Epileptic seizures

Epileptic seizures are caused by an "electric storm" within the brain. The seizure discharge can cause very different forms of symptoms in people suffering epilepsy. It is a sudden episode which usually alters consciousness and disrupts the regular activity of the patient. It can cause falls, putting the patient at risk for injury. If the seizure lasts more than a few minutes, or if there is the occurrence of a flurry of seizures, urgent medical care should be sought.

Video about Epilepsy from the Spanish Society of Neurology


Types of epileptic seizures:

  • Generalized or convulsive seizures

     It provokes loss of consciousness with muscle stiffness and fall to the floor, followed by violent muscular contractions. There can be biting of the tongue, as well as loss of bladder control. Consciousness returns slowly, and the person is tired or confused afterwards. They usually last 1-3 minutes. If it lasts longer than 5 minutes, the patient needs medical help.

  • Myoclonic seizures

             They are brief twitches or jerks of a muscle, or a muscle group. They last a second or two and do not affect consciousness.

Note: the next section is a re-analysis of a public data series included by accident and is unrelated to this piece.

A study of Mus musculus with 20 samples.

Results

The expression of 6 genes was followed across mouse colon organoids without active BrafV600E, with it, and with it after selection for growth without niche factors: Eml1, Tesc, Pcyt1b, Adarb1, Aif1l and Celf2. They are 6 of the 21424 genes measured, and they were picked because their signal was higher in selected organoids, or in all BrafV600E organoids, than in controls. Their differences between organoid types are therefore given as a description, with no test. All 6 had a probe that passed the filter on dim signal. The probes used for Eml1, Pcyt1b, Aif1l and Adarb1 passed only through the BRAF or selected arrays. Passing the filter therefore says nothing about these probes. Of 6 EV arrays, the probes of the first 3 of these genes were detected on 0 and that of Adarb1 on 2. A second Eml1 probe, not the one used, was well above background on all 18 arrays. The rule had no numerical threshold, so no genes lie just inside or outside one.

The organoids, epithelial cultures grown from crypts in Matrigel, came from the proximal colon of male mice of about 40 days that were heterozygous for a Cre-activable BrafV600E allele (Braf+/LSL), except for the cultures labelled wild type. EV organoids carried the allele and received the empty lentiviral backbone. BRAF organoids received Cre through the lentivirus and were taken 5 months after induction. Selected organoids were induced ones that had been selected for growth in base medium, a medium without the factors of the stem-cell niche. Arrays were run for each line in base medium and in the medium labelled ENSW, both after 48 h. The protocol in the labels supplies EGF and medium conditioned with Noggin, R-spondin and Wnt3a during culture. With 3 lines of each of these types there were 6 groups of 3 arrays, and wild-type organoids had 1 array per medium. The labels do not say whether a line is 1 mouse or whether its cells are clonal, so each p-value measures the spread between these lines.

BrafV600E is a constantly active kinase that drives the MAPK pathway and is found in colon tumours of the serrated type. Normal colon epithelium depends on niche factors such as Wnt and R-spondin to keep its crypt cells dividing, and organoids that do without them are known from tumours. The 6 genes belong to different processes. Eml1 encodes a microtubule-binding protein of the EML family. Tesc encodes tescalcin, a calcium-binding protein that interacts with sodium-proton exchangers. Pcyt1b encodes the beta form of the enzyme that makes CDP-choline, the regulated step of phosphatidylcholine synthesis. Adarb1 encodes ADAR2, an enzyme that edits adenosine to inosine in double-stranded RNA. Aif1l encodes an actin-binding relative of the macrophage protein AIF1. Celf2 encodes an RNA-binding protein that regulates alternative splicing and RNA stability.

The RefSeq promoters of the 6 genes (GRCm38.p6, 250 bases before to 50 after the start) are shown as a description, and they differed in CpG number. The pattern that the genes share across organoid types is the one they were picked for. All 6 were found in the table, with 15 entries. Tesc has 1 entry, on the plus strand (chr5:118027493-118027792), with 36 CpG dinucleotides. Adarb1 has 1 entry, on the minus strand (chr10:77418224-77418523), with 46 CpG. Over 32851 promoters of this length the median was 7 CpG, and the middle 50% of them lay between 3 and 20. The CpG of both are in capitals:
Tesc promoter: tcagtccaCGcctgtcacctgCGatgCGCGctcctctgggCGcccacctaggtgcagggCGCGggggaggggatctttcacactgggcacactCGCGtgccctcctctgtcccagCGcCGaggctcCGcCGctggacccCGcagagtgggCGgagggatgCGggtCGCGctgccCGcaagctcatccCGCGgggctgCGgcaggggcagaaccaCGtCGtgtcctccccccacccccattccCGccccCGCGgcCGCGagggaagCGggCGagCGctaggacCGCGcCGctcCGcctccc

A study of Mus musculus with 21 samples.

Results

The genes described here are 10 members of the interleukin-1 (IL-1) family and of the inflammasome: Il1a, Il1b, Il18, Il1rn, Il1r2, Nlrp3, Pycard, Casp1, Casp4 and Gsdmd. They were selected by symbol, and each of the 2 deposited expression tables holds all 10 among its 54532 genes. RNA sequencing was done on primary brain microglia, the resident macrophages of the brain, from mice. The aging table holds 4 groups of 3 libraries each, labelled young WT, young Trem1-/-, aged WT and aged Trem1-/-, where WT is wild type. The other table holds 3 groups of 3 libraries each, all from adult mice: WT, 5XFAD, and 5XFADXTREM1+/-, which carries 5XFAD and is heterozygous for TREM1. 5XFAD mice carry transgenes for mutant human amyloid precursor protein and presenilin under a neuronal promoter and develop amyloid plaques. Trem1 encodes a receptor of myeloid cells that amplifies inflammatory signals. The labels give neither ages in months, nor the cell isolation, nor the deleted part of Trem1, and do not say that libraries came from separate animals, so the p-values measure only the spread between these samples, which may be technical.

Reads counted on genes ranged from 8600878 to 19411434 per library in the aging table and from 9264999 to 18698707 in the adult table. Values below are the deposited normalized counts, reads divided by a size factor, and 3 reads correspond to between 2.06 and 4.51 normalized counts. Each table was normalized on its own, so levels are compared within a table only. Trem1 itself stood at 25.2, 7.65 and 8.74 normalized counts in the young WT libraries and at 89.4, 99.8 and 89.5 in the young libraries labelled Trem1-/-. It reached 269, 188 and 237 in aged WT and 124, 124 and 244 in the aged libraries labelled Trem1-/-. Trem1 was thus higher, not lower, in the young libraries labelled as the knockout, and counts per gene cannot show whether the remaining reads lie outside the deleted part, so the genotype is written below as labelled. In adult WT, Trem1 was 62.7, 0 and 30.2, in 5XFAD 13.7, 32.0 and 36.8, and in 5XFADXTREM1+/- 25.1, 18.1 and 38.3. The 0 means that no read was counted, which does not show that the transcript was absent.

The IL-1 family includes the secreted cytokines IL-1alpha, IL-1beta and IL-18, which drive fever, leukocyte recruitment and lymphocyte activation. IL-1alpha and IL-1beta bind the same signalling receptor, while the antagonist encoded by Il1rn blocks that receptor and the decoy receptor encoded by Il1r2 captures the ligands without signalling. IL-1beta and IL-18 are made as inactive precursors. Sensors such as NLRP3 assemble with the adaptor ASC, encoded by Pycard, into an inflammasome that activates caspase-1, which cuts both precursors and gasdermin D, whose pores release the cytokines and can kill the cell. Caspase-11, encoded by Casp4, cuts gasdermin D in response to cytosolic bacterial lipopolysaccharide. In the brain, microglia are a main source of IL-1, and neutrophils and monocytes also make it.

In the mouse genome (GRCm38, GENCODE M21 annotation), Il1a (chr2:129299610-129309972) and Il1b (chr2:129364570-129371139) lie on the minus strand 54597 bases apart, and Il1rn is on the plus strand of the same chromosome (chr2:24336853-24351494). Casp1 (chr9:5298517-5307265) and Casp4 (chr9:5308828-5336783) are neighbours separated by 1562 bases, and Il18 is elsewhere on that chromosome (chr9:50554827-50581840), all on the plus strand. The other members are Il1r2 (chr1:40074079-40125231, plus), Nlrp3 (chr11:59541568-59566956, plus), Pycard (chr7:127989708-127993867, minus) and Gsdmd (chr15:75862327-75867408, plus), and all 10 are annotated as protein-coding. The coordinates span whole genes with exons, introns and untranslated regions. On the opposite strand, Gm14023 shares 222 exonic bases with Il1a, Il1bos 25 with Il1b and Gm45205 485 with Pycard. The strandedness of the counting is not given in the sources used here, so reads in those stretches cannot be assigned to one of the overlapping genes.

• Absence seizures

   They are brief lapses of awareness, which start and end abruply, usually with staring, and sometimes with blinking.They are frequent in children, and sometimes are so brief, they can go undetected for  a long time.

  • Simple partial seizures

   The person can experience either motor, sensory,  autonomic, or psychic symptoms, or a combination of these. She is usually totally aware and alert. 

  • Complex partial seizures

   They can start with an aura, and there is usually loss of awareness with a blank stare . Complex behaviour such as walking around, repeating the same words or actions without a purpose and  automatisms (lip smacking, picking at clothes) is common. If the seizure is subtle, it can go unnoticed, or it may seem the person is daydreaming.


¿How to deal with an epileptic seizure?




  • Stay calm and assist the person having the seizure.
  • Make the person as comfortable and safe as possible: lay them down on the floor, remove sharp objects, clear tight clothing around the neck and cushion their head.
  • Pay attention to the length of the seizure, and the breathing of the person.
  • Do not insert anything into the person's mouth. Do not hold the person down forcibly.

          Inserting any object in the mouth could be dangerous. It can cause airway obstruction if the object breaks, or it can brake their teeth. The tongue cannot be swallowed during a seizure.